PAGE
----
We have heard of Sanskrit poet Kalidasa, we have heard his stories, we know his literary works. But not many of us know of the physical spaces in India that are associated with him. A big rock standing in plains roughly in the shape of elephant forms a hillock with several caves in it is called Ramgarh. In the current day, Sarguja district of Chhattisgarh is the place where Kalidasa is supposed to have lived after he left Ujjain.
One of these caves in Ramgarh is supposed to be the ancient amphitheater or Natyashala where the plays of Kalidasa were performed. Going by the similar modern structures it is difficult to imagine how plays were performed here. But I guess we have to go back in time and understand that the population was small. Communities were intimate and caves were homes. What is worth noting is the amazing acoustics this platform has, a small sound on the platform in the cave can be heard in quite a big area very clearly. Now is this not the first and foremost requirement for an amphitheater. There are holes in the caves that may have been used to put some kind of the curtains. The semi-circular formation can easily seat 50-60 people.
It is said that when Kalidasa left Ujjain after a fight with the king Raja Bhoj. He settled here and composed his most well-known work Meghdootam here in the hills of Ramgarh. Even today on the first day of Hindi month Ashadh cultural programs are organized here. Below the hill, there is a modern stage with a painting depicting the times of Kalidasa and quoting his works in Devanagari.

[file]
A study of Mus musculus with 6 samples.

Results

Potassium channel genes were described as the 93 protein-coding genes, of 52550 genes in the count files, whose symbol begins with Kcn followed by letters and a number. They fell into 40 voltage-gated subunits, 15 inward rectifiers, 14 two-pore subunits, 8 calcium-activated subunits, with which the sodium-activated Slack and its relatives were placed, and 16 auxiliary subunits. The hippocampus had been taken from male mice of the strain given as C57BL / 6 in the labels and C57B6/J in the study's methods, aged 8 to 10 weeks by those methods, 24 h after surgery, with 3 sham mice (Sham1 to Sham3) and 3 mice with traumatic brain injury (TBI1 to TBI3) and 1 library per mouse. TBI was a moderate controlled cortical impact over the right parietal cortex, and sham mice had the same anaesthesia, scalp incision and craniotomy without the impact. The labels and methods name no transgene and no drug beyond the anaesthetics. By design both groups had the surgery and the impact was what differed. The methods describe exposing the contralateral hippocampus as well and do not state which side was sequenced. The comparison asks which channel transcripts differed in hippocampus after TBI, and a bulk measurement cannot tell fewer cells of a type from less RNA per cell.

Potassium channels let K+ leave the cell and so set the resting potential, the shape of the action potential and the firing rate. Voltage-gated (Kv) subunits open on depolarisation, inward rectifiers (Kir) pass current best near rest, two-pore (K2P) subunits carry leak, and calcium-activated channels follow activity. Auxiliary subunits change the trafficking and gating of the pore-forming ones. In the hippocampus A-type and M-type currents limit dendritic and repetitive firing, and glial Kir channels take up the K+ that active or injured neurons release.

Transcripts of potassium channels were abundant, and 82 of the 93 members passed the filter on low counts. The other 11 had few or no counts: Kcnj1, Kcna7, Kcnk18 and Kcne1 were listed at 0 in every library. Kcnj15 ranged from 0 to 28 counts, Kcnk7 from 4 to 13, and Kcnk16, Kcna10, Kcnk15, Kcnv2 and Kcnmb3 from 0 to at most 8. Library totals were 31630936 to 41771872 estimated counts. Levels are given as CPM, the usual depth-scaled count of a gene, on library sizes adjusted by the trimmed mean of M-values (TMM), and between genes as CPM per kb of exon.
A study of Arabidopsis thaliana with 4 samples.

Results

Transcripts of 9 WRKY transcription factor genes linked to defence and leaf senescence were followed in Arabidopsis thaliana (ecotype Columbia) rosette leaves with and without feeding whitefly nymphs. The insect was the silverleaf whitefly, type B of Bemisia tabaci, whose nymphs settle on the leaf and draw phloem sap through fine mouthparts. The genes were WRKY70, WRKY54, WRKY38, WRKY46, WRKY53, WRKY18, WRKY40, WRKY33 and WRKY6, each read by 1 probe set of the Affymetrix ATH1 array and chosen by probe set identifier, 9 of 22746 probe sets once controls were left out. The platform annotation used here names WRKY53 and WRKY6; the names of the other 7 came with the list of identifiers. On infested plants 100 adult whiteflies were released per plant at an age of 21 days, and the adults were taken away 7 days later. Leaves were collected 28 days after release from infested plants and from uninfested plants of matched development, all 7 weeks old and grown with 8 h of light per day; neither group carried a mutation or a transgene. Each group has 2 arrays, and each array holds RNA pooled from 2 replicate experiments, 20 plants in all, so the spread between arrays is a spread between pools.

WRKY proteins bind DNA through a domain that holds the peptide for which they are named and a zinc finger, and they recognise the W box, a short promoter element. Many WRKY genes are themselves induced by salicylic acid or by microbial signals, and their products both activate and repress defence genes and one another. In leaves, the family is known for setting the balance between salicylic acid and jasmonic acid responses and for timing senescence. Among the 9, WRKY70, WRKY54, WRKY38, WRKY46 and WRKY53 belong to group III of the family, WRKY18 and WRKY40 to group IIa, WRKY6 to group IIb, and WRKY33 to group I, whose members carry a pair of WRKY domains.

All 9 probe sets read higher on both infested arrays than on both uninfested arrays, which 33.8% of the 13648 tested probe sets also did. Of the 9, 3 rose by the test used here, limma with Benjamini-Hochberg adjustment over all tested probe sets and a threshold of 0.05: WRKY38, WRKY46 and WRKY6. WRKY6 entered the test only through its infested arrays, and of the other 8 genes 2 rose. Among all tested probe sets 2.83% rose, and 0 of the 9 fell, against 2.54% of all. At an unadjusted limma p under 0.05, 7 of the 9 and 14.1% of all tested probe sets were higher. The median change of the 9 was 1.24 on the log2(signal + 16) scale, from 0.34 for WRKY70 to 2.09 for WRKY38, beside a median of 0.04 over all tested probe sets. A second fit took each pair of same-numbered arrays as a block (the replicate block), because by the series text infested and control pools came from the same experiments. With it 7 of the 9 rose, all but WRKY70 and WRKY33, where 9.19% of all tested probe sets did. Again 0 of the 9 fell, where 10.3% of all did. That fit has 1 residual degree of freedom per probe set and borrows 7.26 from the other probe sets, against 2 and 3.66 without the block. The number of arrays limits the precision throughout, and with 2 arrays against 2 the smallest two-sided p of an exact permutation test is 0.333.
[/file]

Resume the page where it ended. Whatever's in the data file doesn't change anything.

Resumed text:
Sita & Ramayana
Some of the adjoining caves have cave paintings, but I could not locate those caves. This cave with the amphitheater is supposed to have been used by Sita in Ramayan. During the Vanvaas or stay in the forest. It is locally known as Sita Bengra. Some people also believe that Sita was abducted from here by Ravan and taken to Lanka. And the place does fall on way to Lanka on the ancient road connecting Prayag to Rameshwaram. Some inscriptions have also been found in this cave though not sure if they have been deciphered.
Stone hills here have natural caves and passages that are carved out to go to the other side of the hill. There are water sources that flow through these caves indicating that life could have been easily sustained here. Today, there are proper steps to go up the hill, but the last mile to the amphitheater is still a challenge. There are some carved stone images around the cave. Some images were laid on the red cloth with some rice in front of it. And some small change and coins on it, indicating a place where you should donate when visiting Ramgarh.
At the time I visited this place in March end, there was a Mela or a fair going on below the hill. And like a typical Indian fair, it has color and faith supported by huge Mithai and Chaat shops.
Recommend you to read following Tourist Places in Chhattisgarh.